Book Reviews of Saints of Augustine

Saints of Augustine
Saints of Augustine
Author: P. E. Ryan
ISBN-13: 9780060858100
ISBN-10: 0060858109
Publication Date: 6/1/2007
Pages: 320
Reading Level: Young Adult
Rating:
  • Currently 4.8/5 Stars.
 2

4.8 stars, based on 2 ratings
Publisher: HarperTeen
Book Type: Hardcover
Reviews: Amazon | Write a Review

2 Book Reviews submitted by our Members...sorted by voted most helpful

reviewed Saints of Augustine on + 7145 more book reviews
Helpful Score: 2
Reviewed by Katie Hayes for TeensReadToo.com

Ever since Charlie's mother died, his father has been distant, drinking too much and never wanting to talk, least of all about the loss they've suffered. Charlie deals with things by smoking pot all the time--even though he now owes more money than he can come up with to a drug dealer, and even though his habit is threatening his relationship with his girlfriend. Things would be easier if his former best friend, Sam, was still around. But their friendship ended abruptly when Sam told Charlie, without explanation, that he no longer wanted to see him.

What Charlie doesn't know is that Sam has his own problems. His parents have split up, and his mom's horrible boyfriend has moved in with them. Sam's father, meanwhile, is in a relationship with another man, and Sam doesn't know what he'd do if anyone found out. But Sam is hiding an even bigger secret: he is also gay. When Sam meets a boy with whom he shares a mutual attraction, the truth he's tried to deny threatens to come out.

SAINTS OF AUGUSTINE is told from both Sam's and Charlie's points of view, in alternating chapters. Both of them seem very true-to-life, and the dialogue is realistic. The story also has a very honest resolution, and the plot kept me interested all the way through. It's also nice to see a young adult novel that deals so frankly with issues facing gay teenagers. All in all, this is a terrific book.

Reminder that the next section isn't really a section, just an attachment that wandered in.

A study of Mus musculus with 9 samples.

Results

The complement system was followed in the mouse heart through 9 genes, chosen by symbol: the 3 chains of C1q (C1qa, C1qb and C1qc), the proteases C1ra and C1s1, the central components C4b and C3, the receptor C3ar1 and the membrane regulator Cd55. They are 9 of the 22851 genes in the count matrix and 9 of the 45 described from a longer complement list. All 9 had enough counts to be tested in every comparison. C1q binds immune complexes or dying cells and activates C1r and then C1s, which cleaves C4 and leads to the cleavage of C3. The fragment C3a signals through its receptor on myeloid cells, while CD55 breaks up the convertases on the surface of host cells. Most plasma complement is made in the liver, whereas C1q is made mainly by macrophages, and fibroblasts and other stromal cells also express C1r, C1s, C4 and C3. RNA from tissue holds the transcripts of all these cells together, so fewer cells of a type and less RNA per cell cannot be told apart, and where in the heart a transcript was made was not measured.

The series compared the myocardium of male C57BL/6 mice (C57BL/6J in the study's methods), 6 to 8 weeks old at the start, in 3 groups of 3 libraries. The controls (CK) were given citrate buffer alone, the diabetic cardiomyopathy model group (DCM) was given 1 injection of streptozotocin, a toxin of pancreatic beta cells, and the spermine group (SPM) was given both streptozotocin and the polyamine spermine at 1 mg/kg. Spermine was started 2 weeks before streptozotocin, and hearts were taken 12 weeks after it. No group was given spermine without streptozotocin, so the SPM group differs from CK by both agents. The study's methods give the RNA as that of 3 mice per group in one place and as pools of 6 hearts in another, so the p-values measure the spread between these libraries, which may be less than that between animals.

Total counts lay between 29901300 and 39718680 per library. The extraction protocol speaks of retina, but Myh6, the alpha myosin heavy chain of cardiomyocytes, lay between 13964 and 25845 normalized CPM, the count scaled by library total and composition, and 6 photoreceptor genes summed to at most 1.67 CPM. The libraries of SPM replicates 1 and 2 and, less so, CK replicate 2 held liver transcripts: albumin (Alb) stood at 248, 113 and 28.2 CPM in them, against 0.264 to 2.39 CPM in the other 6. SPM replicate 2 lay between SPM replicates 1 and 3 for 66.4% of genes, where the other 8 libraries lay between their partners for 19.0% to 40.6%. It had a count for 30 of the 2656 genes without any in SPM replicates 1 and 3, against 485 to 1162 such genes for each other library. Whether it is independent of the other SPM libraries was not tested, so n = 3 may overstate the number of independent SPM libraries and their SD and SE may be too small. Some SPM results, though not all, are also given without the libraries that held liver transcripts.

reviewed Saints of Augustine on + 7145 more book reviews
Reviewed by Katie Hayes for TeensReadToo.com

Ever since Charlie's mother died, his father has been distant, drinking too much and never wanting to talk, least of all about the loss they've suffered. Charlie deals with things by smoking pot all the time--even though he now owes more money than he can come up with to a drug dealer, and even though his habit is threatening his relationship with his girlfriend. Things would be easier if his former best friend, Sam, was still around. But their friendship ended abruptly when Sam told Charlie, without explanation, that he no longer wanted to see him.

What Charlie doesn't know is that Sam has his own problems. His parents have split up, and his mom's horrible boyfriend has moved in with them. Sam's father, meanwhile, is in a relationship with another man, and Sam doesn't know what he'd do if anyone found out. But Sam is hiding an even bigger secret: he is also gay. When Sam meets a boy with whom he shares a mutual attraction, the truth he's tried to deny threatens to come out.

SAINTS OF AUGUSTINE is told from both Sam's and Charlie's points of view, in alternating chapters. Both of them seem very true-to-life, and the dialogue is realistic. The story also has a very honest resolution, and the plot kept me interested all the way through. It's also nice to see a young adult novel that deals so frankly with issues facing gay teenagers. All in all, this is a terrific book.